Pub. Date: 23/03/2017
Publisher: Clerkenwell Press
A young woman has agreed with her faithless husband: it's time for them to separate. For the moment it's a private matter, a secret between the two of them. As she begins her new life, alone, she gets word that her ex-husband has gone missing in a remote region in the rugged southern Peloponnese. Reluctantly she agrees to go and search for him, still keeping their split to herself. In her heart, she's not even sure if she wants to find him. Adrift in the wild and barren landscape, she traces the failure of their relationship, and finds that she understands less than she thought about the man she used to love. A story of intimacy, infidelity and compassion, A Separation is about the gulf that divides us from the lives of others and the narratives we create to mask our true emotions. As the narrator reflects upon her love for a man who may never have been what he appeared, Kitamura propels us into the experience of a woman on the brink of catastrophe. A Separation is a riveting masterpiece of absence and presence that will leave the reader astonished, and transfixed.We meet our unnamed narrator at the end of her relationship. They have decided to separate and are now floating in that space between on and off, married and divorced, together and apart. For a while now they haven't seen each other and our narrator has, in a sense moved on with her life. And yet this separation isn't final, no one has spoken yet of divorce although she is pretty sure she wants it. They haven't even told anyone yet that they are separated, it is a secret, shamefully kept private. In that situation a call arrives from her (still) mother-in-law who demands she flies to Greece to find her (still) husband. And she says yes. Because how can she not when no one knows, when she is technically still a wife and when she needs to talk to him anyway. And from there a constant conflict begins within her between duty and freedom. A Separation is about how things end, how we let go and how maybe sometimes we can't.
It's strangely difficult to put A Separation down. Kitamura crafts a narrative that intrigues and makes the reader desperate to know more. What happens to people when they separate, what happens when people lose each other? Because Kitamura's narrator is unnamed, while everyone else is named, you feel the erasure of self that exists in her, and many other relationships. She exists in relation to others. We get to know her based on how she interacted with her husband, her parents-in-law, friends, but we also see her struggling with defining herself as an individual. We are in her head but we are also outside of it. The lack of clarity, the confusion of emotions, it is very recognisable for anyone who has been in a relationship or has had a relationship end. Although marketed as a mystery, I wouldn't really classify A Separation as such. It is a psychological book, a book about humans and emotions. There will be moments of realisation similar to a mystery novel, but they won't be about the plot, but rather about what the events of the plot reveal to you about yourself, about humans. It's also a sad book, tragic, but also beautiful in its own way. You're in a character's head and like you're own head, you can never be quite sure where it's going. But the journey is always interesting.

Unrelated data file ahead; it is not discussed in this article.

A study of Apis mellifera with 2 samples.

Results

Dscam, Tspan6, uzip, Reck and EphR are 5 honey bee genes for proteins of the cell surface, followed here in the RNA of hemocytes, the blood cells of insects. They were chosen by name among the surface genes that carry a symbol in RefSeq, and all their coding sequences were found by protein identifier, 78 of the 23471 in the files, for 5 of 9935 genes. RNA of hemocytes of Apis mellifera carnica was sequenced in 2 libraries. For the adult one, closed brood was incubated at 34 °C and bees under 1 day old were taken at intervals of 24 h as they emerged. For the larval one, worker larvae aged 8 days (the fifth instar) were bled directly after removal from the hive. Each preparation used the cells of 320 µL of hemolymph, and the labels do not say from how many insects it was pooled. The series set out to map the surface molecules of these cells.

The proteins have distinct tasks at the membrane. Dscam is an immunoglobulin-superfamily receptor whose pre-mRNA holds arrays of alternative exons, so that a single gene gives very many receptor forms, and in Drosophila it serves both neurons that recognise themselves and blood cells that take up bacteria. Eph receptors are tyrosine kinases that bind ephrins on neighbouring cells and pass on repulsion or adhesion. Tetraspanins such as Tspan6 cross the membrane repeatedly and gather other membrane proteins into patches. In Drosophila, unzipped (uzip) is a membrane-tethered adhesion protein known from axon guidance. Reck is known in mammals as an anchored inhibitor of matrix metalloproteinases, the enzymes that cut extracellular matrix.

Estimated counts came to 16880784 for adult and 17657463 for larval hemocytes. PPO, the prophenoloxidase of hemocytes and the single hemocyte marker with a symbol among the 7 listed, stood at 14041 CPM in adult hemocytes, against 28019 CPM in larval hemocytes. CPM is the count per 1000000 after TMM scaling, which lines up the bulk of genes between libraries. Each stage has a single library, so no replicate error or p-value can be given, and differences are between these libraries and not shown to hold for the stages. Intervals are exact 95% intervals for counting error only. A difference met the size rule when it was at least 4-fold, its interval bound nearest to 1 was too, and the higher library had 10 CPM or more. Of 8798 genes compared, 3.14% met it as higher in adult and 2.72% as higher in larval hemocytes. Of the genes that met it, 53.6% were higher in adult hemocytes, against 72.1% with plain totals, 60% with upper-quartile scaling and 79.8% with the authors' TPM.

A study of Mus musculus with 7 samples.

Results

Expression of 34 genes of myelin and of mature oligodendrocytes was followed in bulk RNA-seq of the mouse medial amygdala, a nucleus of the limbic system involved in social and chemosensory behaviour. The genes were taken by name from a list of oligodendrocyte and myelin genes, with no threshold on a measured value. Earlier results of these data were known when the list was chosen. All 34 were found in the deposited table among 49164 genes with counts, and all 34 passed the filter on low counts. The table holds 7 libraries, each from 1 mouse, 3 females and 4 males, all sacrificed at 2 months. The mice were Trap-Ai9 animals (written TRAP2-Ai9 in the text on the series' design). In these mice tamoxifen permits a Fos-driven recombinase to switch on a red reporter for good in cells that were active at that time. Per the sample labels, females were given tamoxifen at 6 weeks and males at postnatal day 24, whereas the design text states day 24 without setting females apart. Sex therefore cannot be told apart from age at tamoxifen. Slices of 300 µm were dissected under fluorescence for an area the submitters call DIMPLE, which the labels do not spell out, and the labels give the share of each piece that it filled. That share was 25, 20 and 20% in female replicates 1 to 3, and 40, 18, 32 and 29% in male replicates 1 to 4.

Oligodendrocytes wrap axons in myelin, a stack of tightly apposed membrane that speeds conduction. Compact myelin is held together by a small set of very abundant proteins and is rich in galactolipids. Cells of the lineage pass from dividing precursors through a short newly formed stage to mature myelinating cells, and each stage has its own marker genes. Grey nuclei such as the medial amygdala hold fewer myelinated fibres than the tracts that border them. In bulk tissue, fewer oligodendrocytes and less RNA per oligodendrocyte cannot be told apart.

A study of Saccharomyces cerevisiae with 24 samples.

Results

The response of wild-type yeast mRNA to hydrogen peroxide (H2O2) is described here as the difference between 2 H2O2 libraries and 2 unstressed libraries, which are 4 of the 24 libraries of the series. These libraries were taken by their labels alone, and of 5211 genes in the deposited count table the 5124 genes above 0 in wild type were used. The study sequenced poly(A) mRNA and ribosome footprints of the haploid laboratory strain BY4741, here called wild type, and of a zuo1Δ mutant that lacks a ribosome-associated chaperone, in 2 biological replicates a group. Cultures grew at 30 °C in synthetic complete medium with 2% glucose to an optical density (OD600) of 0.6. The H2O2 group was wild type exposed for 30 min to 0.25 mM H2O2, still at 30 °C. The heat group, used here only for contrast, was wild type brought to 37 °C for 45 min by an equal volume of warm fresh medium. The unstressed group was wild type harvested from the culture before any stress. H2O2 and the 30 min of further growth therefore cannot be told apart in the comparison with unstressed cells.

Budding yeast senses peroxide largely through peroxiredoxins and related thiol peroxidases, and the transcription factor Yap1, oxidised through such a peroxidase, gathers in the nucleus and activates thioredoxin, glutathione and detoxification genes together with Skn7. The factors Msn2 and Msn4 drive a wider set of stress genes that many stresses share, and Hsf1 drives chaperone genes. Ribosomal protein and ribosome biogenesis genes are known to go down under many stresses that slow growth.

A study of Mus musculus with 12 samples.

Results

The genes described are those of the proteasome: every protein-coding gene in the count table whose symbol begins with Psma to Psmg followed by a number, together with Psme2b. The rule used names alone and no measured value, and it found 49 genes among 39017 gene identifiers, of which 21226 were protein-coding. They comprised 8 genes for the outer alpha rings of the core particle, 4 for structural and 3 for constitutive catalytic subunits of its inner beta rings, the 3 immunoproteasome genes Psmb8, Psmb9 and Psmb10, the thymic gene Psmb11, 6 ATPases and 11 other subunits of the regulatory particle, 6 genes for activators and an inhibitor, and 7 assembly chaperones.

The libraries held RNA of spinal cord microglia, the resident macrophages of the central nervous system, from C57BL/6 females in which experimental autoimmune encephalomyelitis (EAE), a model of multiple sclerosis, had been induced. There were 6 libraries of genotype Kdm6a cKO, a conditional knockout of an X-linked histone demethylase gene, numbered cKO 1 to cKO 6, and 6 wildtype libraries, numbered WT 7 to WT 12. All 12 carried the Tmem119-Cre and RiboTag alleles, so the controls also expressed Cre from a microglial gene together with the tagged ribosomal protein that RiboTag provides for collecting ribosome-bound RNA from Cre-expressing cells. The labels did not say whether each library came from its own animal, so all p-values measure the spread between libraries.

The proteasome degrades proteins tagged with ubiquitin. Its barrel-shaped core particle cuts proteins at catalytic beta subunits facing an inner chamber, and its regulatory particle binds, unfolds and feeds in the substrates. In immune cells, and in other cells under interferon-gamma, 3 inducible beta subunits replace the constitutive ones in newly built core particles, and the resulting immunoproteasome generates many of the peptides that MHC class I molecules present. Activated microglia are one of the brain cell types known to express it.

Katie Kitamura strikes a very impressive balance in A Separation, writing an engrossing novel in a very passive voice. We don't really know her main character, she responds rather than acts, and dialogue isn't set apart with quotation marks. As such, reading A Separation isn't always as easy as reading other books is. You have to work on it, you have to dig into the narrator and see who she is, what she wants. In a way Kitamura here echoes the process of forging a relationship. It is difficult to know who people are, what they hide away, what they're not telling you. So you have to go into it with trust and goodwill, mining every small detail for meaning. She is investigating herself and her emotions, and so are we. I loved this about A Separation because the reader is as much a passive observer of the narrator's relationship as she is in that moment. We are both trying to understand what happened, and how it happened. And there is no perfect, happy end to that query.
I give this book...
I adored A Separation and couldn't put it down. I was drawn into Kitamura's narrator's mind and found myself caring. I also realised I was investigating myself as her narrator investigated herself. A Separation is a special book, but also one that is probably not for everyone. I'd recommend it to readers interested in Literary Fiction.